David Harsanyi

Were you aware that Americans have a collective obligation to stop kicking challenges to the next generation and join the White House in supporting "sweeping" and "transformative" legislation? I thought so.

These days, there are few higher callings in Washington than pretending to save the environment. Authoritative "leadership" is sorely needed in this area -- and quickly, before the three-cornered-hat-wearing Visigoths storm Washington's barricades this midterm election.

Reporting for duty are John Kerry and Joe Lieberman, armed with a new cap-and-trade "energy" bill -- christened the Newspeak-esque "American Power Act" -- that is so inclusive it nearly secured the support of a single radical right-winger (as if there were any other kind) in Republican Lindsey Graham, before he had a temper tantrum.

Praising the legislation, President Barack Obama made his customary case, twinning the fictitious economic benefits of statism with freshman-class utopianism, claiming that "we will put Americans to work in new jobs that pay well and can't be outsourced -- jobs building solar panels and wind turbines; constructing fuel-efficient cars and buildings; and developing the new energy technologies that will lead to even more jobs, more savings and a cleaner, safer planet in the bargain."

Like most parents, I, too, hope my children one day toil in a nonproductive factory assembling taxpayer-subsidized wind turbines rather than turn to imported Canadian fossil fuels and constructive high-income professions. Unlike profits, you see, dreams never can be outsourced.

We are only in the "discussion draft" phase of the bill -- entailing tons of discussions on how to entice Western Democrats and circumvent Republicans -- which would make efficient energy more expensive, put non-energies on the dole and slap a layer of crony capitalism on the entire energy industry.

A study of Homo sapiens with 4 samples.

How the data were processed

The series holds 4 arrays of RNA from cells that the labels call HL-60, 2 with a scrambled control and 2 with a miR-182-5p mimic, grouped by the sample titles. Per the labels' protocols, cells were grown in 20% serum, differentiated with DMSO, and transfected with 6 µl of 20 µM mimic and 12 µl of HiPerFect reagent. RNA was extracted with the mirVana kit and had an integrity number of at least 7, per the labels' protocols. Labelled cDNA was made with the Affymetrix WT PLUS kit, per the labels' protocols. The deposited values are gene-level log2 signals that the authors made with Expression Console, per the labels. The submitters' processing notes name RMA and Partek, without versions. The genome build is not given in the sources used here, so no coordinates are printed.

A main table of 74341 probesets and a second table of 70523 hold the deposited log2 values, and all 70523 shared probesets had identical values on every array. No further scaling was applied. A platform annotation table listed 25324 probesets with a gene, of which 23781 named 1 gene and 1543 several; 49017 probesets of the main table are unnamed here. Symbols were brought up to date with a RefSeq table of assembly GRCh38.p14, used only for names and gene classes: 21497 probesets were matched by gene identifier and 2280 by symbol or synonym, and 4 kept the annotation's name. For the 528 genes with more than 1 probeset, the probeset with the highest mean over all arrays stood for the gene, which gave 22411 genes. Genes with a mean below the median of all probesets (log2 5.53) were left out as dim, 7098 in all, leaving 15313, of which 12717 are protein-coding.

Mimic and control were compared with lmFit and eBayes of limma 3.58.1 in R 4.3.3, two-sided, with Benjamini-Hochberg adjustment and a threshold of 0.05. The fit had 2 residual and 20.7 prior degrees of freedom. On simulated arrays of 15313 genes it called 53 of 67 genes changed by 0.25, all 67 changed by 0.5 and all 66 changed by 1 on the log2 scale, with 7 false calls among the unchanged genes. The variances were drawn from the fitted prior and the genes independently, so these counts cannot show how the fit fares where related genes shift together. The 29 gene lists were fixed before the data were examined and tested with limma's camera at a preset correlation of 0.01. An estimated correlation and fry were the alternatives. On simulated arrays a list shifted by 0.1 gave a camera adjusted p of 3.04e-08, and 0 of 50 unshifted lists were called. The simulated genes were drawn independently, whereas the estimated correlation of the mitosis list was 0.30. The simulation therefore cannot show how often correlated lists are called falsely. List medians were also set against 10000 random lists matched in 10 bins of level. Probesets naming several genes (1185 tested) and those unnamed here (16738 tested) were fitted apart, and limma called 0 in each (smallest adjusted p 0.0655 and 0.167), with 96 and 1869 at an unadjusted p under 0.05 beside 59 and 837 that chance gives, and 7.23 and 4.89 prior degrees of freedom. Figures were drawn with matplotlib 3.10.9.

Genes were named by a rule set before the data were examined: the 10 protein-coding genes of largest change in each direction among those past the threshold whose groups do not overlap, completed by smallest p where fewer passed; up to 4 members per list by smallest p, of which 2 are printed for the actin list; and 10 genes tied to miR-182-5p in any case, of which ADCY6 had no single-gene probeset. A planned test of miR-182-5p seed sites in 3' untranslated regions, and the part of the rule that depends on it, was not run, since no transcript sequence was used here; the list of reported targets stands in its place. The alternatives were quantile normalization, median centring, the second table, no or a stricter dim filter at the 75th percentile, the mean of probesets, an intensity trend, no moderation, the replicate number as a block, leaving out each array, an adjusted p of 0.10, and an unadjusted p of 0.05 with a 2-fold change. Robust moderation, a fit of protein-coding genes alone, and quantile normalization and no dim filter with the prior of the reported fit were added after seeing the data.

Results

And seeing as we never waste a crisis, the oil spill in the Gulf of Mexico has given cap-and-trade supporters another hammer to add to the debate. Though, as Newsweek summed it up, "considering that the Kerry-Lieberman bill contains a little something for everyone, it's likely to pass."

A little something for everyone except you, that is. The fabricated cap-and-trade "market" is a well-documented concoction of rent-seeking corporations that will work diligently with Washington to ensure taxpayers always foot the bill. As the legislation stands now, oil companies would also have to pay emissions allowances -- outside the cap-and-trade market -- which are nothing more than another gas tax.


David Harsanyi

David Harsanyi is a senior editor at The Federalist and the author of "The People Have Spoken (and They Are Wrong): The Case Against Democracy." Follow him on Twitter @davidharsanyi.